November Sorrows


[Content Note: Pet Death]

I wasn't able to finish NaNoWriMo this month because tragedy struck in early November. My dear Quincey, who had been my constant companion for almost 15 years, suffered kidney failure and passed away peacefully on the 14th. This is posted in his memory.


Quincey and his sister Mina were the first cats which were "mine" rather than my parents'. I went searching for them after my first divorce. They were "free kittens" in the newspaper, the last two scrawny babies of a litter being given away by a family with fleas in their house and (or so I felt) an appalling lack of care that these two babies were being eaten alive by vermin. I didn't like the humans and I didn't like the way they handled the kittens. I carried the two kittens away with the furtive air of a thief, determined to take them somewhere better.

Quincey was the runt of the litter, tiny and with sparse fluff that formed a tuxedo pattern. His legs wobbled unsteadily when he walked. Mina was a little poofy cotton ball of white fur and a calico brown tail. She had two little brown thumbprints on her head and bright eyes. I asked my mother, voice full of reluctance, "Do you think she'll be a long-hair? She'll shed fur everywhere." My mother just gave me a resigned smile. "Does it matter? You're not leaving her here." She was right.

The little boy fell asleep in my lap on the car ride home, fearless. Mina cried little panicked cries which calmed down the moment food was placed in front of her. She'd worried that wherever we were going might not have anything to eat. Once food was secured, she was happy--at least until the baths began. I bathed them five times a day that first week and picked off fleas with tweezers when they swarmed away from the water. I killed dozens of fleas. Eventually, they were clean and safe, if a little baffled by all the baths. We hadn't been able to use chemicals to kill the fleas because they were too young.

My mother didn't want the kittens downstairs in her home and I hadn't yet moved into my apartment; I was still staying in my childhood bedroom. We put up a little baby gate at my door so I could go downstairs for dinner without being followed by the kittens. Quincey climbed the baby gate with little trembling jerking limbs, pausing to rest with each inch up. He was determined not to be separate from me. I rescued him before he tumbled down the stairs, and promised not to leave him again.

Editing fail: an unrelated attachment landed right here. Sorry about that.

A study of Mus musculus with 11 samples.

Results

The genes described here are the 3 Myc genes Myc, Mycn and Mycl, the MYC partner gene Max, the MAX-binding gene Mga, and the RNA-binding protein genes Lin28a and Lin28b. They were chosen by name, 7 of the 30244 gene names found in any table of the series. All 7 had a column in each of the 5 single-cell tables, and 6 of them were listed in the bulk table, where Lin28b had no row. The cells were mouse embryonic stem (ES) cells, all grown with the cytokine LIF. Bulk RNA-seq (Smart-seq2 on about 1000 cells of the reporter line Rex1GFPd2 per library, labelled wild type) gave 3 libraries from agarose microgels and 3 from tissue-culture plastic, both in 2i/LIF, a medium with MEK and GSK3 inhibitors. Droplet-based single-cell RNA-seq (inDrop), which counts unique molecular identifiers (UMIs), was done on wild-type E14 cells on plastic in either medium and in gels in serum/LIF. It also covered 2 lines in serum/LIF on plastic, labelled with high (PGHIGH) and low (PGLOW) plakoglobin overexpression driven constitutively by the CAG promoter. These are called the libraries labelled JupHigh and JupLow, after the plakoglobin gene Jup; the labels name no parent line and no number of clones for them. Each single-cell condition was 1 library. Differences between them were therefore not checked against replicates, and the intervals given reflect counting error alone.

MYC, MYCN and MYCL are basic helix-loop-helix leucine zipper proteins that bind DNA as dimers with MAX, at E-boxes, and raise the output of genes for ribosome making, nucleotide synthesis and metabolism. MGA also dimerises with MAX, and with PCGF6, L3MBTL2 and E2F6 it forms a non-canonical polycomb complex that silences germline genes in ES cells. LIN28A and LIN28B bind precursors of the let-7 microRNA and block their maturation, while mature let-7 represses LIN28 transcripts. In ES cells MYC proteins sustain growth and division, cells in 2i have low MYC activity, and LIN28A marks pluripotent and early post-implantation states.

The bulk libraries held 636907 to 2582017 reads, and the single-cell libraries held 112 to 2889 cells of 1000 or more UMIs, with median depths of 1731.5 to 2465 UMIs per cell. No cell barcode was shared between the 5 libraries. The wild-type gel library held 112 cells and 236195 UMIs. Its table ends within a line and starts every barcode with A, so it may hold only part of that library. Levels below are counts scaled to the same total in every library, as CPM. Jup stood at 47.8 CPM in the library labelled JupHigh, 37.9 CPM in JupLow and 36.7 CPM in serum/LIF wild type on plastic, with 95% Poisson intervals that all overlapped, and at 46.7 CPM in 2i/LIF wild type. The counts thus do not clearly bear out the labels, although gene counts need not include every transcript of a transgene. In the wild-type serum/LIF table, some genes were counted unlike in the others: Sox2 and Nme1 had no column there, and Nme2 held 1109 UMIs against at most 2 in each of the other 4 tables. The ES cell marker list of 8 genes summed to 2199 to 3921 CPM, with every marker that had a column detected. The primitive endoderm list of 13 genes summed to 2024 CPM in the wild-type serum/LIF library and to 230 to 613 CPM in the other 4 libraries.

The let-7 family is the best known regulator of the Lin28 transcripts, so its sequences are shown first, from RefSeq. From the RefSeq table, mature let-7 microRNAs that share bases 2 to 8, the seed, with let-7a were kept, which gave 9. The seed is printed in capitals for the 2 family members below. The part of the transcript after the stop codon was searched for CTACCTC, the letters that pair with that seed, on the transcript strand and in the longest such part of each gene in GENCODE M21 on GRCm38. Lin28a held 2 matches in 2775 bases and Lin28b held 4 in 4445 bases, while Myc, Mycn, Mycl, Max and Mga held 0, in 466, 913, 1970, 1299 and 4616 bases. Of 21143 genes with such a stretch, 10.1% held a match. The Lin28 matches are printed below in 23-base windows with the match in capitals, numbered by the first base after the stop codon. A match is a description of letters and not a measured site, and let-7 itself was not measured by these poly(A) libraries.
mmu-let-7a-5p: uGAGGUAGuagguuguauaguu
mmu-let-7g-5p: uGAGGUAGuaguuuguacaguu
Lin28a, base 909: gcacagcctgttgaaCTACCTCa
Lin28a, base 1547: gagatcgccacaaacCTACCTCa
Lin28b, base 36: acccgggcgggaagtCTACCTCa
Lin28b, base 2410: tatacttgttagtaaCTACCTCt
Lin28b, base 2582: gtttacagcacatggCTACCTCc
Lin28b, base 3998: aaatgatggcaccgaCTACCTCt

From that day forward, as long as we were in the same building together he was always within a few feet from me. He napped on the couch next to me as I wrote my books. He slept in bed next to me, the two of us lying side by side. He snoozed on my desk when I played video games, occasionally kicking the microphone I used for my Let's Play videos. Almost every video I have on YouTube includes me pleading: "Baby, we don't kick the microphone!"

He was the most contrary cat I ever met. He hated every cat and human he ever encountered, and he regularly tried to kill both my spouse and my parents--but he loved me with his whole heart. He reminded me of Tinkerbell from the book Peter Pan; faeries, we are told, are so tiny that they can only experience one emotion at a time, but they experience it with complete fullness. Quincey could only love one person, but he loved me totally.

I named him for Quincey Morris, the laconic Texan in Bram Stoker's Dracula. I'd done a senior English project on the novel and fallen in affectionate love with the character who does things which need doing without bothering to talk or inform the other characters of his thought process. My Quincey was not reserved and silent; instead, he was the loudest, most complainy cat I have ever had the privilege to love. He loved to spend his nights walking around the house yowling his displeasure while the lesser inhabitants tried to sleep. But he was brave and strong and never let anyone put his hands on him without feeling his wrath. He taught veterinarians to fear him and he schooled visitors who insisted "but cats love me!" when I warned them that Quincey didn't like to be touched. Or talked to. Or looked at. He drew a lot of blood in his life, but even when he was at his most scared he never once laid teeth on me.

When the time came to say goodbye, Quincey let me know. I held him while he purred for me. He hadn't been able to purr much in the previous few days, but he purred at the last for me. He went peacefully to sleep, surrounded by the people who had loved him most in his almost 15 years of life: his mommy and grandmommy. I didn't give him life and I couldn't save him from death, but I could give him the best possible life I could arrange for him, and a peaceful painfree passing. I loved him with my whole heart and I will miss him so terribly much.

Quincey, you will always be my first and best baby. I love you.